Pandemic Preparedness – Auditor General of Canada

For the full report, click on: https://www.oag-bvg.gc.ca/internet/English/parl_oag_202103_03_e_43785.html

[Excerpt]

8.35 We found that, although the agency engaged with provincial and territorial partners and was advanced in its preparations to test the Federal-Provincial-Territorial Public Health Response Plan for Biological Events through a large-scale exercise simulating an influenza pandemic, the agency did not complete this test exercise with its partners prior to the COVID‑19 pandemic. The test exercise had been scheduled for 2020. The exercise, developed with provincial and territorial partners, would have tested a variety of response elements, including the infrastructure for gathering and sharing public health data. The agency indicated that because of the COVID‑19 pandemic, this exercise could not proceed further.

8.36 In our view, if the agency had completed a national pandemic simulation exercise before the COVID‑19 pandemic, it could have improved its understanding of provincial and territorial pandemic response capacity, ensured roles and responsibilities were understood among partners, and identified potential obstacles to a response.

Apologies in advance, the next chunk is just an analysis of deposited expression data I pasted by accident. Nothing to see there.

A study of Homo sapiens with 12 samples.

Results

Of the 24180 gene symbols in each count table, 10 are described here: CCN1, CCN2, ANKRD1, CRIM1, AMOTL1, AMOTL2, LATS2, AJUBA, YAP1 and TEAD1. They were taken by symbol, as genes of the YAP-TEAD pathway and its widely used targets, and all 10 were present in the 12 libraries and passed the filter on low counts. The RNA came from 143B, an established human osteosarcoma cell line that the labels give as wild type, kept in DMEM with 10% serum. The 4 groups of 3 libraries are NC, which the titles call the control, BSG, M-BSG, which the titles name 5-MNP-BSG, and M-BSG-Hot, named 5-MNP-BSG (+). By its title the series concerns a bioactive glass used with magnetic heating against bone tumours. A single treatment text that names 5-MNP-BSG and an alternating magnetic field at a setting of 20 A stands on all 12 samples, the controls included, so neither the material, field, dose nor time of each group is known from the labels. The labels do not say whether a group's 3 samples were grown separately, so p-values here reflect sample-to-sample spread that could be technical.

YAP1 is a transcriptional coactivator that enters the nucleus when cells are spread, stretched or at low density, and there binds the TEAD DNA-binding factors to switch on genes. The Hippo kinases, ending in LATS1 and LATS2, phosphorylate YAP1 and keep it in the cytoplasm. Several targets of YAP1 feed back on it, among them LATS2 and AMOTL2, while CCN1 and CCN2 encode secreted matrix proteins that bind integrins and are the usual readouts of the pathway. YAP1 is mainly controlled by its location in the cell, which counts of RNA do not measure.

8.37 Recommendation. The Public Health Agency of Canada should work with its partners to evaluate all plans to assess whether emergency response activities during the COVID‑19 pandemic were carried out as intended and met objectives. This evaluation and other lessons learned from the pandemic should inform updates to plans. The agency should further test its readiness for a future pandemic or other public health event.

The agency’s response. Agreed. The experience of COVID‑19 has provided a lived experience of a global pandemic, the nature of which Canada has not seen in over 100 years. Recognizing that existing plans provided a framework to guide the current response but that improvements are always possible, the Public Health Agency of Canada will incorporate learnings from the pandemic into its plans and test them as appropriate. In updating and testing these plans, the agency will work with provincial and territorial partners to reflect shared responsibilities for public health emergencies. This work will be completed within 2 years after the end of the pandemic.